Ajoene

April 15, 2019
I stink, but I could help kill microbes.
What molecule am I?

Ajoene is an unsaturated organosulfur compound found in small quantities (0.1%–0.5%) in garlic. Its name comes from ajo, the Spanish word for garlic, so it is therefore pronounced a-ho-ene. Ajoene’s odor mimics that of whole garlic.

The natural product is a mixture of E- and Z-stereoisomers in a ratio of ≈1:2. The E-isomer is shown. According to Dongbin Shin and co-workers at the Korea Food Research Institute (Gyeonggi‐do),

Commercial products typically have an E/Z ratio of ≈2, with a range of 0.6–2.5. . . . The E/Z ratio and yield depend on the polarity of the solvent system, reaction condition, and the type of fatty acids that are present during processing. It is known that the Z-isomer has a strong bioactivity compared to E-ajoene, while the E-isomer is more stable than the Z-isomer during storage.

For a relatively well-studied compound, little chemical and physical data for ajoene are available. Its hazard profile may also not be completely known.

Biologists and biochemists have long been interested in the potentially strong antimicrobial properties of ajoene, but neither purifying the natural product nor synthesizing it produced enough to work with. Recently, Thomas Wirth and colleagues at Cardiff University and Neem Biotech (both UK), seeking larger quantities of ajoene for drug research, developed a shorter, more efficient synthesis of the compound.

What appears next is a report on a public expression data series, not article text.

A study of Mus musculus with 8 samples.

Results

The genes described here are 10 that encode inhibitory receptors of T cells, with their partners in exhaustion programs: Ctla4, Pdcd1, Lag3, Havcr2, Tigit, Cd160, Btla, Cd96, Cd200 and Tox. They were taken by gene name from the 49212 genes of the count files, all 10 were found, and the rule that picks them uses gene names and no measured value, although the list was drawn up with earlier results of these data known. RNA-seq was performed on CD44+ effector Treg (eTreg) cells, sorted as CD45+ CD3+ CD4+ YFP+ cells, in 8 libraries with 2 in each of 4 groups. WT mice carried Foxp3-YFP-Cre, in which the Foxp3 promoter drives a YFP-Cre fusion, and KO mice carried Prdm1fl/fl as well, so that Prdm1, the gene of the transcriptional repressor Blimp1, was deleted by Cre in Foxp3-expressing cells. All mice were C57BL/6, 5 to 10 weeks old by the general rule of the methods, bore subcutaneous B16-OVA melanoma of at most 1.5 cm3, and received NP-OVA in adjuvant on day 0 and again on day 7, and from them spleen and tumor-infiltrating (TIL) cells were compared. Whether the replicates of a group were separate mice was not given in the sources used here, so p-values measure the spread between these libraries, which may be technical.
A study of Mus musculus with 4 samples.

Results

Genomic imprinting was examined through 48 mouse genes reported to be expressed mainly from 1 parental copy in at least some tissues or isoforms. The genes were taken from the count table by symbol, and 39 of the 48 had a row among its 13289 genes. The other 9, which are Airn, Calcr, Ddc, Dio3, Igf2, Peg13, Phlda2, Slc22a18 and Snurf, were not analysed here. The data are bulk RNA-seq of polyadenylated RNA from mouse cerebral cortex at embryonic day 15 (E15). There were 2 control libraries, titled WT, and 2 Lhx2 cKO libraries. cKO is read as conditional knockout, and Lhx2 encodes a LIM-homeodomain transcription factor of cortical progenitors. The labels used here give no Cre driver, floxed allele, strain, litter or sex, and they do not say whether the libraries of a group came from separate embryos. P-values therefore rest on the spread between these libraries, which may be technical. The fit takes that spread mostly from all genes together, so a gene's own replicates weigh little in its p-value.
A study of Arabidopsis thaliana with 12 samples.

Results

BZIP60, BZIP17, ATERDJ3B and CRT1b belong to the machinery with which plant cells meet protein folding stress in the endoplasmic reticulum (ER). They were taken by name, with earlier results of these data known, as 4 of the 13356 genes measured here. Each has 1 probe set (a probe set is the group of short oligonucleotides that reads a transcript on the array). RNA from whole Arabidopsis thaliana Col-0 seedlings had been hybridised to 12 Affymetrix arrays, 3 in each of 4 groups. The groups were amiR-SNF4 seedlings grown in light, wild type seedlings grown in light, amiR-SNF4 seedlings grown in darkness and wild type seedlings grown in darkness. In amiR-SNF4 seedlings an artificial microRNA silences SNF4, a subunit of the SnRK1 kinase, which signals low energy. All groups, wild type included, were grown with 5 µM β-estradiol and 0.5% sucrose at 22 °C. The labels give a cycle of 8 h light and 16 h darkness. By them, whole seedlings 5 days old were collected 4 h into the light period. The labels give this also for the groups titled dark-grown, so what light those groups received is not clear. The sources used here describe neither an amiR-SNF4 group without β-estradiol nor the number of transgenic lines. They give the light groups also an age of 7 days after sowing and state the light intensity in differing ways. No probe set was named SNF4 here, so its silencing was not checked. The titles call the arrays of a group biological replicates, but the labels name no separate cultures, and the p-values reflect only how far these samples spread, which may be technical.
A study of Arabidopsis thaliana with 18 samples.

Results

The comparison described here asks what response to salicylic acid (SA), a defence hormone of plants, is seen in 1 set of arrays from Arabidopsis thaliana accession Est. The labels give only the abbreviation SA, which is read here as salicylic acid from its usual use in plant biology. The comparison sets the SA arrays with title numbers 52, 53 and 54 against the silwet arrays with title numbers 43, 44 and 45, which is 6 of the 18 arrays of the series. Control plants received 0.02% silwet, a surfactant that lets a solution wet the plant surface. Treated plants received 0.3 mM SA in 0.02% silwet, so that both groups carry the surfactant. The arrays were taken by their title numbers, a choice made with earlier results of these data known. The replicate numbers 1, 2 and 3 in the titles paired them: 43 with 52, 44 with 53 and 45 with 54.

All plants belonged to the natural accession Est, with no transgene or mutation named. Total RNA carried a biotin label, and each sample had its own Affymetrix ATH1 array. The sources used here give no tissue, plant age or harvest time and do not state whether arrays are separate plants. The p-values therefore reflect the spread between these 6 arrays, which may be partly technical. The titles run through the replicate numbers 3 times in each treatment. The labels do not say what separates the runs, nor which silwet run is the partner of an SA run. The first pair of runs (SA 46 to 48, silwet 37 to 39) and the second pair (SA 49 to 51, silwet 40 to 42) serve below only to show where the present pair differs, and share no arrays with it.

The researchers’ five-step procedure begins with an alkyl dibromide and proceeds through three selenium-containing intermediates until the selenium moiety is oxidatively cleaved with hydrogen peroxide to produce ajoene. A thioether group was converted to sulfoxide in the same step. The authors expanded the original milligram-scale synthesis to make the compound in >100-g quantities.

In initial antibacterial testing, the synthetic product performed as well as ajoene isolated from garlic.

Don't forget to celebrate National Garlic Day on April 19!

Ajoene fast facts

CAS Reg. No. 92285-01-3
Empirical formula C9H14OS3
Molar mass 234.39 g/mol
Appearance Colorless liquid
Boiling point 376 ºC (est.)
Water solubility 0.3 g/L (est.)

Ajoene hazard information

GHS classification*: not a hazardous substance or mixture

*Globally Harmonized System of Classification and Labeling of Chemicals.